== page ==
Roger Mortimer, 1st Lord Mortimer

Born: c. 1256

Died: August 3, 1326

Tower Hamlets, London, England (Age c. 70)

Mortimer in History

As a member of the prestigious Mortimer family of the Welsh marches, Roger Mortimer was destined to be a prominent military leader and politician in said region. Little is known about Mortimer's early activities, but after their father's death (1282), both Roger and his elder brother Edmund played large roles in the subduing of the rebellion of Llywelyn ap Gruffydd in Wales. The principality was soon brought under English control, and the Mortimer family proved to be invaluable marcher lords to King Edward I. Throughout the reign of Edward I Roger played a major role in Welsh politics, putting down sporadic rebellions in the region, and accumulated a vast amount of wealth and estates. In addition, he also participated in military expeditions to France and Scotland, gaining the king's disfavor in the latter region when he was one of several lords to withdraw his troops (1307). However, the following year, Edward I died and was succeeded by his son, Edward II, who returned Mortimer to favor. Mortimer and his nephew, another Roger, did not appear to play any part in the downfall and death of the king's favorite Piers Gaveston and seem to have been more than preoccupied with their duties in Wales and the marches.

The Mortimer family did not openly rebel against the king until the early 1320s when a majority of the nobility was up in arms, led by Edward II's cousin, the powerful Earl of Lancaster. It is most likely the rising power of to men named Hugh Despencer (father and son) within the king's government that drove the Mortimers into open rebellion. The younger Despenser in particular was a threat to Mortimer dominance in Wales and the marches, being that he was married to one of the co-heiresses to the late Earl of Gloucester, who had possessed just as much power and influence in the region as the Mortimers had. Therefore, Despenser possessed the vast majority of the lands that were associated with the Earldom of Gloucester. With the help of the king, he was extending his influence even more so.  The Mortimers quickly mustered an army but were not fast enough for the king, who showed uncharacteristically brave behavior when subduing the rebellion of his magnates. When Lancaster proved to be an undependable ally (and virtually deserted his allies), the two Rogers were forced to surrender and were taken captive in January 1322. Later in the year, the rebellion would completely collapse (for the time being at least) when Lancaster was defeated and killed at Boroughbridge. Both Mortimers were thrown in the tower. The younger Mortimer was able to escape and travel to France the following year, but the elder was left to rot and died in August 1326, as a man of around seventy, after four and a half years of captivity.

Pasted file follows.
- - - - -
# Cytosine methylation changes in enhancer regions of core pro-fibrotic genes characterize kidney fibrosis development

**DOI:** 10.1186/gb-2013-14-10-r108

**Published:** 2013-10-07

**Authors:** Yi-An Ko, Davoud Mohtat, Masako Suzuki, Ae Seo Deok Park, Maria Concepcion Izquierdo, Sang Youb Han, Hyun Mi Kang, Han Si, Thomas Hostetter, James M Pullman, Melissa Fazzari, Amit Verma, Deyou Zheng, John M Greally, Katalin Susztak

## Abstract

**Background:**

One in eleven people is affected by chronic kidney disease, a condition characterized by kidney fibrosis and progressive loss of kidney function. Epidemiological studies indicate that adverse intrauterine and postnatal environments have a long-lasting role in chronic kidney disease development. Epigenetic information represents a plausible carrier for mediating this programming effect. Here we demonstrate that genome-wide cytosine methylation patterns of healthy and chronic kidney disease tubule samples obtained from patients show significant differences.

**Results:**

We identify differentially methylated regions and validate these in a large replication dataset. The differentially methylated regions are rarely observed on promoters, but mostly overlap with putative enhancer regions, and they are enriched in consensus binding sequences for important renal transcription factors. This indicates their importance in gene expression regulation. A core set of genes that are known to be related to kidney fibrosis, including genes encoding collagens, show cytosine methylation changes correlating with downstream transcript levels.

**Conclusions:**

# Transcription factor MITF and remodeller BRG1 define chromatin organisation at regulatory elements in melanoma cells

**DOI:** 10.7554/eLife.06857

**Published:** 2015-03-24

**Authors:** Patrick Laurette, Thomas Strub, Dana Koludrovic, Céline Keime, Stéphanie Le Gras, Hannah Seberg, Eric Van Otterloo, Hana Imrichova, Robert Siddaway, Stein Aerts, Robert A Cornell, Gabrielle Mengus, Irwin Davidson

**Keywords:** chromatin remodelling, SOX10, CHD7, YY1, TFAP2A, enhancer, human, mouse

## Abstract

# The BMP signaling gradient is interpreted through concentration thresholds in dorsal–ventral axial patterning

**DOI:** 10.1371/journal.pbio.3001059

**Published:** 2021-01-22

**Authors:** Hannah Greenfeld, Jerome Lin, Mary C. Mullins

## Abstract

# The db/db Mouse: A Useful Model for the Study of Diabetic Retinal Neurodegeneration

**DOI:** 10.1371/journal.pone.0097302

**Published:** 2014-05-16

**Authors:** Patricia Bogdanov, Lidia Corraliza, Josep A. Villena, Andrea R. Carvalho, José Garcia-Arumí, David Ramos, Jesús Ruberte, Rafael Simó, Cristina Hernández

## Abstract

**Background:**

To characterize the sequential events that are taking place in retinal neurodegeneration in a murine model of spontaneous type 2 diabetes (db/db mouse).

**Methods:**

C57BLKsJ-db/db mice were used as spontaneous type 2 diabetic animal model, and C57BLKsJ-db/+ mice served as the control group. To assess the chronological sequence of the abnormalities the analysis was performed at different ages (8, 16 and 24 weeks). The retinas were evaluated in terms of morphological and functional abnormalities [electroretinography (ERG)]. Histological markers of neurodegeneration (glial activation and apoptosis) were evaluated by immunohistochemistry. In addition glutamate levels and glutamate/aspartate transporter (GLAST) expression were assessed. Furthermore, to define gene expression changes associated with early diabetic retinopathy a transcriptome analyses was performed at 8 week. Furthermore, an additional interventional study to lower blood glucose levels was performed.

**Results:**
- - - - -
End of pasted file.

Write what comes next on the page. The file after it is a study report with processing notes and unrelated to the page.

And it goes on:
Mortimer in Marlowe

Appears in: Edward II

Within Edward II, Mortimer Senior (as he is referred to to avoid confusion with his nephew) is one of the lords who is opposed to the return of the king's favorite Piers Gaveston and pushes for his exile. When the king and the lords temporarily reconcile their differences, Mortimer in sent to fight in the Scottish wars, where he is taken captive. The younger Mortimer hears of this and immediately demands that the king personally ransom his uncle, considering the fact that he was captured while fighting in his wars. Edward II refuses to comply, and the elder Mortimer is not seen or heard from again for the remainder of the play. Mortimer's capture by the Scots is completely fictional, and the Mortimers were not involved in any sort of rebellion against the king until 1321; they most certainly did not participate in Gaveston's mock trial and execution. It appears that Marlowe was simply attempting to be consistent with the fact that the nobility were constantly opposed to the king's actions throughout his reign. Despite Mortimer's disappearance in the play, he played a large role in the rebellion of 1321-22 and was captured (by Edward, not the Scots), ultimately dying in prison.